Food security, affordable housing, manufacturing and inexpensive healthcare are the key areas President Uhuru Kenyatta’s administration will focus on during his final term.
The President, who described the pillars as the big four, said he will use them to transform Kenya economically and leave a lasting legacy after his five-year tenure.
He said his administration will henceforth shift from politics and concentrate on the four issues for the improvement of Kenyans’ lives. “During the next five years, I will dedicate the energy, time and resources of my administration to the big four,” said the President.
“The big shift from politics for politics’ sake to the politics of production is a beacon of hope. However, I know it will attract cynics and pessimists but we will not be distracted. Let me emphasise that the big shift cannot and will not be achieved by me and Jubilee alone. It will need all of us.”
He spoke during the Jamhuri Day celebrations at the Moi International Sports Centre, Kasarani, Nairobi.
This was his first national day function following his swearing in on November 28 for his second and final term after the Supreme Court upheld his re-election in the October 26 repeat presidential poll.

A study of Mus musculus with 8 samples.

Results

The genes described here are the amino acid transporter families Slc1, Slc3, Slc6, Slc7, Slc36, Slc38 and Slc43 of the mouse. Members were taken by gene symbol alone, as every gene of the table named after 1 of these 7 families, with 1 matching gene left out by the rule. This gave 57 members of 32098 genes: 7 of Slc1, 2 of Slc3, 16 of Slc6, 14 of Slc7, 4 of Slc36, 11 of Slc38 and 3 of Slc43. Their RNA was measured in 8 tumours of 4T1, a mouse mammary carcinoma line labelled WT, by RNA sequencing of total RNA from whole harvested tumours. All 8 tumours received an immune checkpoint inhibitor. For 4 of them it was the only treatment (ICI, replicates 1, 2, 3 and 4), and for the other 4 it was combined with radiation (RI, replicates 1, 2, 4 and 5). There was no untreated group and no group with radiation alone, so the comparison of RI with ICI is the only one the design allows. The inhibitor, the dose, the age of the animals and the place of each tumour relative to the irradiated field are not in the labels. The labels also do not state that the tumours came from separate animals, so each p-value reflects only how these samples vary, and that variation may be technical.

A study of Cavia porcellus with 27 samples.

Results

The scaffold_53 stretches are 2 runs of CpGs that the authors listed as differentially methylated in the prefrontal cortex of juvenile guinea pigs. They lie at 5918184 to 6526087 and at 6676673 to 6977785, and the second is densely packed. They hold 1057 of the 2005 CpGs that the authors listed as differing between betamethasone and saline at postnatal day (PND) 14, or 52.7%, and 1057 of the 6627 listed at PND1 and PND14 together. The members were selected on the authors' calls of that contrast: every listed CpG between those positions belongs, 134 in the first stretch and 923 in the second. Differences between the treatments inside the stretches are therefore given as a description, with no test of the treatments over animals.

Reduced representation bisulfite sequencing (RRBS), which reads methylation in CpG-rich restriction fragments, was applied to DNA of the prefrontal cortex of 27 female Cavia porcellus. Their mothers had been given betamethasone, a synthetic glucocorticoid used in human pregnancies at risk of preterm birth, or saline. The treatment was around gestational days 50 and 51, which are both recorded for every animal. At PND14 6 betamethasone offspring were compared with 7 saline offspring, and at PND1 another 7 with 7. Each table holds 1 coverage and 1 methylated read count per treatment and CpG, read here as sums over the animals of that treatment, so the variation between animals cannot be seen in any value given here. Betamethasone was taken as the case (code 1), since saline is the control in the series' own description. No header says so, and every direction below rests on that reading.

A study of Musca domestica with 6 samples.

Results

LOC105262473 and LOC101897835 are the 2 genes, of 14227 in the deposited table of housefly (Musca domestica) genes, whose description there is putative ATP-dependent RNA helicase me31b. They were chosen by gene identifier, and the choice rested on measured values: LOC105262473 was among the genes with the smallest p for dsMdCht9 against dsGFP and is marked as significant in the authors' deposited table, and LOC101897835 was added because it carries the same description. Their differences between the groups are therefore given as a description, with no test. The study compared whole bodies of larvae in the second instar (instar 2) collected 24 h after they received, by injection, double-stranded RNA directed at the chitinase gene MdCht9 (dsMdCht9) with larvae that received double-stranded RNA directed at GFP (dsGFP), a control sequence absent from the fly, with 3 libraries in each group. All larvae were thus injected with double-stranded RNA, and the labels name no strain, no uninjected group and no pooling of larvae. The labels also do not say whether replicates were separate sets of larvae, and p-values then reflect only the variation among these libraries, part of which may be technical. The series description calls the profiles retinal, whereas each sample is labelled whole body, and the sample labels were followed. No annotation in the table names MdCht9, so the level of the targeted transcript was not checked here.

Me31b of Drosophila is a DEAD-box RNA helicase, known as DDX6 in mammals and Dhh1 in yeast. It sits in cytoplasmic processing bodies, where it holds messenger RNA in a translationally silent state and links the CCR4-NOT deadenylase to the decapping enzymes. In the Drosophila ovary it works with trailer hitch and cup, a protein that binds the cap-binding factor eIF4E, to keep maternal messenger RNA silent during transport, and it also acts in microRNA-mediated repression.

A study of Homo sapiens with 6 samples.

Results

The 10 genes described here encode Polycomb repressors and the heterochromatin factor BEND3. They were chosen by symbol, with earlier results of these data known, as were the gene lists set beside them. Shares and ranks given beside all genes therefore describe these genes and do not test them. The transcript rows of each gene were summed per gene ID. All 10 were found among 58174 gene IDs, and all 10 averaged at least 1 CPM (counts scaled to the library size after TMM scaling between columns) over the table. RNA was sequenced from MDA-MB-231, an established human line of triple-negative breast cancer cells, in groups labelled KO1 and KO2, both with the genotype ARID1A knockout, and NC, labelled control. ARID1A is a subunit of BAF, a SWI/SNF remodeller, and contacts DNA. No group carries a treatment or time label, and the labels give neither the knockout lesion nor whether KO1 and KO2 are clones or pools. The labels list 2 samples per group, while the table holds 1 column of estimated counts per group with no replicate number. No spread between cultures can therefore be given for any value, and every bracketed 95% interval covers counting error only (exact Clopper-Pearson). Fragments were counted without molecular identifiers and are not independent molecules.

The big four plan will build on the foundation laid during Jubilee’s first term in sectors such as transport, electricity distribution, education and ICT.
In a detailed breakdown of his economic blueprint for the next five years, the Head of State cited job creation as one of his administration’s priority. This will be achieved through the expansion of thee manufacturing industry.
In 2013, the Jubilee team pledged a million jobs a year but had a shortfall of 200,000, with 10 per cent of that in the formal sector, Kenya National Bureau of Statistics (KNBS) figures show.
The creation of formal jobs dropped by a third last year from 128,000 in 2015 and 134,200 in 2013, the KNBS report, also known as the Economic Survey 2017, showed.
To improve these statistics, the government plans to focus on four sub-sectors: the blue economy, agro-processing, leather and textiles.
In the plan to have an estimated 500,000 Kenyans own houses, the government will reduce the cost of mortgages and cut the cost of construction through the use of innovative technologies and materials. Low-cost funds will be raised from the private and public sectors for investment in large-scale house construction.